U.S. News

New Zealand Regulator Blocks Bids for Retailer Warehouse


New Zealand's competition regulator said on Friday it would not allow two suitors for The Warehouse Group to make takeover bids, sending shares in the retailer sliding as much as 8%.

Two grocery chains, Australia's Woolworths and New Zealand private co-operative Foodstuffs, both 10% shareholders in The Warehouse, had made applications to buy New Zealand's largest retailer of general goods.

Warehouse shares fell as much as 8.4% to NZ$6.00 and were last trading down 7.8% at NZ$6.04. Analysts have said a bidding war, which Woolworths would be the favorite to win, could drive the price as high as NZ$8.00 a share, valuing the company at around NZ$2.5 billion (US$1.9 billion).

"The Commission was not satisfied that either of the proposed acquisitions will not have, or would not be likely to have, the effect of substantially lessening competition in the relevant markets," Commerce Commission Chairwoman Paula Rebstock said in a statement.

Foodstuffs operates the Pak'n'Save and New World chains and has around a 56% share of the grocery market. Woolworths operates in New Zealand through Foodtown, Countdown, Woolworths and Supervalue supermarkets and has 44% market share.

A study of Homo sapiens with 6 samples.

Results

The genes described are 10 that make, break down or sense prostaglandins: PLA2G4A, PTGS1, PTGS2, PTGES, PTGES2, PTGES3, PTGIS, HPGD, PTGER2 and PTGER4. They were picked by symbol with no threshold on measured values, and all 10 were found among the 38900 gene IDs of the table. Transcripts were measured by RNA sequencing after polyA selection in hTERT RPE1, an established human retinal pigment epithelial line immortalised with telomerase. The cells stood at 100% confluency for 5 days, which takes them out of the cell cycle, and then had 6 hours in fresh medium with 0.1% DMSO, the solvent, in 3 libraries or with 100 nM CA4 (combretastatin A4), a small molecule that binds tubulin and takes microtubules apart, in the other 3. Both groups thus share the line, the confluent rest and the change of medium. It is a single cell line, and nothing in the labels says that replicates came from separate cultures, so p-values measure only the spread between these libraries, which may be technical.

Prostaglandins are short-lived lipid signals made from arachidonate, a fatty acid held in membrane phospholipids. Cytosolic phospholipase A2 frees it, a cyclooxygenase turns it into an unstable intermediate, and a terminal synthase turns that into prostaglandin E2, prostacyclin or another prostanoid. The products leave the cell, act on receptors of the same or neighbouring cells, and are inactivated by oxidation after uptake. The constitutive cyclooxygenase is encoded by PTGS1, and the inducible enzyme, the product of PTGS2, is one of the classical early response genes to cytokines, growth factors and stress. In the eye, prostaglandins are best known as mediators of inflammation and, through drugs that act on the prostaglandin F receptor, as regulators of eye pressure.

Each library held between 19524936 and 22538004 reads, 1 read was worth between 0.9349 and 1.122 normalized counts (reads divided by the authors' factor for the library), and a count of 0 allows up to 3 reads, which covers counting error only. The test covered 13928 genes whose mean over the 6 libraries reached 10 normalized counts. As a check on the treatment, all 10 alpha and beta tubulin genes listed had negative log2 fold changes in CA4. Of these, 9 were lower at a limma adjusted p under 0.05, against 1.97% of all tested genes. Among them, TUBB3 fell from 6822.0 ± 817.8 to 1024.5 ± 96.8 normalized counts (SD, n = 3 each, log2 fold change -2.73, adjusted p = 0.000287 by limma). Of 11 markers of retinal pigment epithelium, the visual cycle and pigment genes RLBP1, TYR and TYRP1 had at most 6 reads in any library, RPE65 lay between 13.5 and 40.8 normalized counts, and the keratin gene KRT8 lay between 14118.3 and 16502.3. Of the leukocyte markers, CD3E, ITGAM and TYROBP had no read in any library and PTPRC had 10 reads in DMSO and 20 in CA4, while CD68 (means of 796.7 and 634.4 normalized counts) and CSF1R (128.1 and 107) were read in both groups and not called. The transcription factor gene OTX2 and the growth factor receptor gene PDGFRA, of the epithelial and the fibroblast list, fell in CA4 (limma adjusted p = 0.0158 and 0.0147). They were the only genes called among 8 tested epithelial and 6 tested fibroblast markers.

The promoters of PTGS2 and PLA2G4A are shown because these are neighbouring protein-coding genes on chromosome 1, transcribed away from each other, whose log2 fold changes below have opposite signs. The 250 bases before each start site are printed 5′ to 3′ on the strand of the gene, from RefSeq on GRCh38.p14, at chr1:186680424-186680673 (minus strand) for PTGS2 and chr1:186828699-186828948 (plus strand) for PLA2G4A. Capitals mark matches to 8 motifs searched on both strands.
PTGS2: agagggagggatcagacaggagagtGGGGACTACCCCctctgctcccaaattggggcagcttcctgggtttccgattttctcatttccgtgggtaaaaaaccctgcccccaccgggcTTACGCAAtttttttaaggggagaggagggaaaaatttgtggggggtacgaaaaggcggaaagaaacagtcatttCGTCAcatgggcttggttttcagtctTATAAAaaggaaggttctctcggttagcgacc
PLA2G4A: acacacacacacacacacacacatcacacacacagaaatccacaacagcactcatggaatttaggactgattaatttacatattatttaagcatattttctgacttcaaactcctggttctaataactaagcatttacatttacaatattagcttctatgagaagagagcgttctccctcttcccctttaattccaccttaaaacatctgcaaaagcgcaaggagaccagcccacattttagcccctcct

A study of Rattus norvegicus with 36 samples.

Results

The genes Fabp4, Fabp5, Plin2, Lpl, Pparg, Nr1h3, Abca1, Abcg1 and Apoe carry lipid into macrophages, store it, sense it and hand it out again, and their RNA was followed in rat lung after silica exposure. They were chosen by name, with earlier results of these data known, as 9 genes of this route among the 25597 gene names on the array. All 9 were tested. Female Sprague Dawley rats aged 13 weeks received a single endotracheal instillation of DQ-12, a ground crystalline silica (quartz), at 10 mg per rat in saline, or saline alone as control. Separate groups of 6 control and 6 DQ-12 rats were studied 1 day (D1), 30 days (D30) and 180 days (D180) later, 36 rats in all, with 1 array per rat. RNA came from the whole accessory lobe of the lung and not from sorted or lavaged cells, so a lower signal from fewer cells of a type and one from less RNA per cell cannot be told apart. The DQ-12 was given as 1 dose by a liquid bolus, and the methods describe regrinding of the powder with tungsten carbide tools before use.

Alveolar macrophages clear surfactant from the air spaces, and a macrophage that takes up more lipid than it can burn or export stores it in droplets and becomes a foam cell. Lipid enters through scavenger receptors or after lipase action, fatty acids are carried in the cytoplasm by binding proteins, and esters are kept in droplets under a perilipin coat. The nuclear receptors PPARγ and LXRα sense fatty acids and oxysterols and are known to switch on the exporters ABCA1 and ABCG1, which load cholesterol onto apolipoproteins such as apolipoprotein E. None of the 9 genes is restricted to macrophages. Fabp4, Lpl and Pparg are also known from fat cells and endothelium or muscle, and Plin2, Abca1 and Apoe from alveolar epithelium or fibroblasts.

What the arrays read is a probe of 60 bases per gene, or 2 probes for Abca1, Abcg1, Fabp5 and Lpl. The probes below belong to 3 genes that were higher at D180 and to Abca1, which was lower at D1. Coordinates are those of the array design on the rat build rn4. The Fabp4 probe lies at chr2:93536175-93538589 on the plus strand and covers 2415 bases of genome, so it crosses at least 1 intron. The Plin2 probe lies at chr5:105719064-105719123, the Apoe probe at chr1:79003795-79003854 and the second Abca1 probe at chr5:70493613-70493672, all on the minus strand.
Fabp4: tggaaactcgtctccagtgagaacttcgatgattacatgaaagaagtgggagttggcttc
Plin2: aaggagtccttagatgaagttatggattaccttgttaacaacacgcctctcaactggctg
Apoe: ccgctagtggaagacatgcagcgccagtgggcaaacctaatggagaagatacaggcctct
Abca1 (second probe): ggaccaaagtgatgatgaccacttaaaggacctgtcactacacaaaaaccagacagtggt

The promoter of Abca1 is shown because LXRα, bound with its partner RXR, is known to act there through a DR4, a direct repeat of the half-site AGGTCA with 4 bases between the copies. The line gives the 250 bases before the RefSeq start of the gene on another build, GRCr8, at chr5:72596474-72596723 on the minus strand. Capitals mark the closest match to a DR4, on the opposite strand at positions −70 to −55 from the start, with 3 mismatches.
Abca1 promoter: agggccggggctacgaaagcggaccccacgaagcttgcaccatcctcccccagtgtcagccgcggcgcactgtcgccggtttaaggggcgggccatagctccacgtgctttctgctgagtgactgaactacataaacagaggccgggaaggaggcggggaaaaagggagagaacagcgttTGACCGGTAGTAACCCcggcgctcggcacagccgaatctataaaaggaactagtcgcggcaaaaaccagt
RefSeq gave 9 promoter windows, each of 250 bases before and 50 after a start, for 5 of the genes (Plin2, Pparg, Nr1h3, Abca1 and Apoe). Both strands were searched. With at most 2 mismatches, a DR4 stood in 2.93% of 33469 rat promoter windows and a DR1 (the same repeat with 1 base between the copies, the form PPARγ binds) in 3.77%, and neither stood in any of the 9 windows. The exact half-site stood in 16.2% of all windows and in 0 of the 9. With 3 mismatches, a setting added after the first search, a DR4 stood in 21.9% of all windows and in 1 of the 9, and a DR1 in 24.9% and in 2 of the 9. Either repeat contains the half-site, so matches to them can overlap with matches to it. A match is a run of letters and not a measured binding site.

The Warehouse board issued a brief statement saying it would review the written decision before further comment.

Foodstuffs and Woolworths are expected to appeal the regulator's decision to New Zealand's High Court.

On Thursday, the Warehouse said it had spoken with both suitors about their intentions should they make any bid, but denied that it had received a NZ$7.15 a share bid from Woolworths, worth NZ$2.2 billion.

The Warehouse's founder, Stephen Tindall, still controls 51% of the stock, and has yet to make a public comment on the competing interests for the company.

The Warehouse has recently started to sell groceries at some of its larger stores and is expanding into hypermarkets, and analysts said neither of the two bidders would want to see the other gain access to The Warehouse's stores.

Last October Tindall scrapped a NZ$866 million plan to buy out the other half of The Warehouse, backed by private equity firm Pacific Equity Partners. Tindall had said the move to hypermarkets was a risky one better suited to private ownership.

Tindall withdrew the offer after the share price surged well above his NZ$5.85 offer price, as Woolworths joined Foodstuffs as a 10% shareholder. Shares were trading around NZ$3.60 last June prior to Tindall's bid.

On March 9, The Warehouse reported a net profit after tax of NZ$61 million for the six months to Jan. 28, and forecast a full year profit around NZ$96 million.